Once your estate plan moves beyond the basics, there is a good chance you will decide to incorporate a trust into your overall plan to help achieve one of your many estate planning goals. You may, however, decide you need to make changes to your trust agreement at some point down the road. The Essex Junction trust attorneys at Unsworth LaPlante, PLLC explain when and how you can modify a trust agreement.
All trusts fit into one of two categories – testamentary or living (inter vivos) trusts. Testamentary trusts are typically activated by a provision in the Settlor’s Last Will and Testament and, therefore, do not become active during the lifetime of the Settlor. Conversely, a living trust, activates during the Settlor’s lifetime.
Can You Modify Your Trust?
The type of trust you create will directly impact your ability to modify the trust. Living trusts can be sub-divided into revocable and irrevocable living trusts. If the trust is a revocable living trust, as the name implies, the Settlor may modify or terminate the trust at any time and for any reason. An irrevocable living trust, on the other hand, cannot be modified or revoked by the Settlor at any time nor for any reason once active. It may be possible to modify or terminate an irrevocable living trust by agreement of the beneficiaries and/or by court order, but never by the Settlor. Testamentary trusts are always revocable.
Consequently, if you created a revocable living trust or a testamentary trust you have the ability, as the Settlor, to modify the trust at any time. If, however, you created an irrevocable living trust, you cannot modify the trust. The terms of the trust will dictate whether the trust beneficiaries are able to do so or not; however, under no terms may you modify the trust. If the beneficiaries cannot modify the trust, you will need to petition a court for the right to modify or terminate the trust.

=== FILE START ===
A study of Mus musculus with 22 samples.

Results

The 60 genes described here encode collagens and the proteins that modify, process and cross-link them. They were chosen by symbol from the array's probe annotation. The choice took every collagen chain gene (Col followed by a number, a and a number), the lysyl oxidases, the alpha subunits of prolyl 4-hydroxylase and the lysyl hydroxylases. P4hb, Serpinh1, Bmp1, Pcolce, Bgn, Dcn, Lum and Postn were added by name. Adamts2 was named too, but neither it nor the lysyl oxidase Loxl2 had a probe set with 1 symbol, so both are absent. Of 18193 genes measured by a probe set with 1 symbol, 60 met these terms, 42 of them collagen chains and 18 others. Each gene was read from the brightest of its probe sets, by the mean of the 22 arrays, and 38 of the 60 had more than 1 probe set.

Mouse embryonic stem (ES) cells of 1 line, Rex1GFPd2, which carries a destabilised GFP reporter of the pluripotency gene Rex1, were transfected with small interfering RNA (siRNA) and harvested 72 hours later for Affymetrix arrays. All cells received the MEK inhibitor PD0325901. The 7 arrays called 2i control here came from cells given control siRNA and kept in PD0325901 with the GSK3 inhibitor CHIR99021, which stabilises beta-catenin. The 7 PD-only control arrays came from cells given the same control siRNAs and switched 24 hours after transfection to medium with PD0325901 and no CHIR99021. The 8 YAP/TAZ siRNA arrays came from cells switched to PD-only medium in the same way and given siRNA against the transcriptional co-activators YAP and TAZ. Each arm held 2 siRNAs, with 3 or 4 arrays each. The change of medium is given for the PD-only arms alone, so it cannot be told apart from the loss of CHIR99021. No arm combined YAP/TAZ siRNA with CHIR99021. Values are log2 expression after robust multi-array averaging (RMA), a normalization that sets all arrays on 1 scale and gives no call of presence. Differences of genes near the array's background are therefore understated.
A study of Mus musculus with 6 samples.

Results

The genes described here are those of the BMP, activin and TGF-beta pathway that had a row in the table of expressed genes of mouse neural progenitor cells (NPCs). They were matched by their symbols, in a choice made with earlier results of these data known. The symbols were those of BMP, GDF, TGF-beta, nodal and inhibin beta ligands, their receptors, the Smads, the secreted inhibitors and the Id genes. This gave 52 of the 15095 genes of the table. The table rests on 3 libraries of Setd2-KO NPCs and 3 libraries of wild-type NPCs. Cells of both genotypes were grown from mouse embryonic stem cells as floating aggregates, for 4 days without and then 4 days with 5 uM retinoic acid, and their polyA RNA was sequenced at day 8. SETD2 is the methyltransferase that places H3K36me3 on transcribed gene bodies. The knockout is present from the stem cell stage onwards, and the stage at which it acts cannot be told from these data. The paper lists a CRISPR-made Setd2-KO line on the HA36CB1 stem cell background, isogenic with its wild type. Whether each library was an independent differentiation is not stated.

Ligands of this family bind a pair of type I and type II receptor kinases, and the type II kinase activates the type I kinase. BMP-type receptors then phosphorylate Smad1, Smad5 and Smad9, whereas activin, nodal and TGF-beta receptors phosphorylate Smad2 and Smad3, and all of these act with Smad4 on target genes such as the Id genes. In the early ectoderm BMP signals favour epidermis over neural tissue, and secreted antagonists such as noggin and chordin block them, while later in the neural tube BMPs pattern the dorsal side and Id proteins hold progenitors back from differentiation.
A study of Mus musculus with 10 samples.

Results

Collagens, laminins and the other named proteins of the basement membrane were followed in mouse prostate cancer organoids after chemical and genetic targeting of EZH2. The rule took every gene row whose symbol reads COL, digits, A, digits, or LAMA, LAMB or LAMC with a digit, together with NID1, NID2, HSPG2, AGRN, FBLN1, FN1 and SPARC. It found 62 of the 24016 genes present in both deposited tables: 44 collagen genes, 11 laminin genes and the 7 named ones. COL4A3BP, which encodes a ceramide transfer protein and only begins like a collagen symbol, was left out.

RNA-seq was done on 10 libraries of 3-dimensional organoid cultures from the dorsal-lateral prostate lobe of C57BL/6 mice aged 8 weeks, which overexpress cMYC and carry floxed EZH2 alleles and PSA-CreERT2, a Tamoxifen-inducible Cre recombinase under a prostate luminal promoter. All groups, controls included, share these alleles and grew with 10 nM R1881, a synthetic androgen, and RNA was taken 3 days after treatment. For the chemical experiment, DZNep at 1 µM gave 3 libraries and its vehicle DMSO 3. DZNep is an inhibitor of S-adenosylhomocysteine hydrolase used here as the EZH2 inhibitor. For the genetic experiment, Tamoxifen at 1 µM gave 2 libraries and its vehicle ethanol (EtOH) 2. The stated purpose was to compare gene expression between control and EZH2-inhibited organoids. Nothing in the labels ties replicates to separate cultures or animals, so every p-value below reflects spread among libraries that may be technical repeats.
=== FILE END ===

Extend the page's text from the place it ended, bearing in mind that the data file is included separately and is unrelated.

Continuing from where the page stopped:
How to Modify Your Trust
If the trust you created can be modified by you, there are three ways in which you can accomplish your goal of making changes to an existing trust, including:
- Trust Amendment. A true amendment is best when the change you wish to make is minor and the trust has not previously been amended. To amend a trust, you will need to locate the provision or term in the original trust agreement that you wish to change. On a separate piece of paper labeled “Trust Amendment”, you explain, in detail, the change you wish to make to the original agreement. The paper with the amendment is then attached to the original trust agreement. State law may require you to sign the amendment in front of a notary and/or include the Trustee’s signature on the amendment.
- Trust Restatement. A trust restatement is best if you have more extensive changes to make and/or the trust has been amended in the past. A trust restatement involves rewriting the original trust agreement with the changes included. You must be clear that you are not revoking the original trust, simply restating it. Like an amendment, you may need to execute the restatement in front of a notary and the Trustee may also need to sign the restatement.
- Trust Revocation. You always have the option to revoke the original trust agreement and draft a new one. In fact, many people wonder why they should go to the trouble of “restating” the original trust if it requires them to rewrite the entire trust agreement. The reason why a restatement is almost always preferable to revoking a trust is that when you revoke the trust, all assets held by the trust revert to the original owner and must then be transferred back into the trust once again. Doing this can have several unwanted ramifications, including tax consequences.
Contact Essex Junction Trust Attorneys
For more information, please attend one of our upcoming FREE webinars. If you have additional questions or concerns related to the need for a successor Trustee, contact the experienced Essex Junction trust attorneys at Unsworth LaPlante, PLLC by calling 802-879-7133 to schedule your appointment today.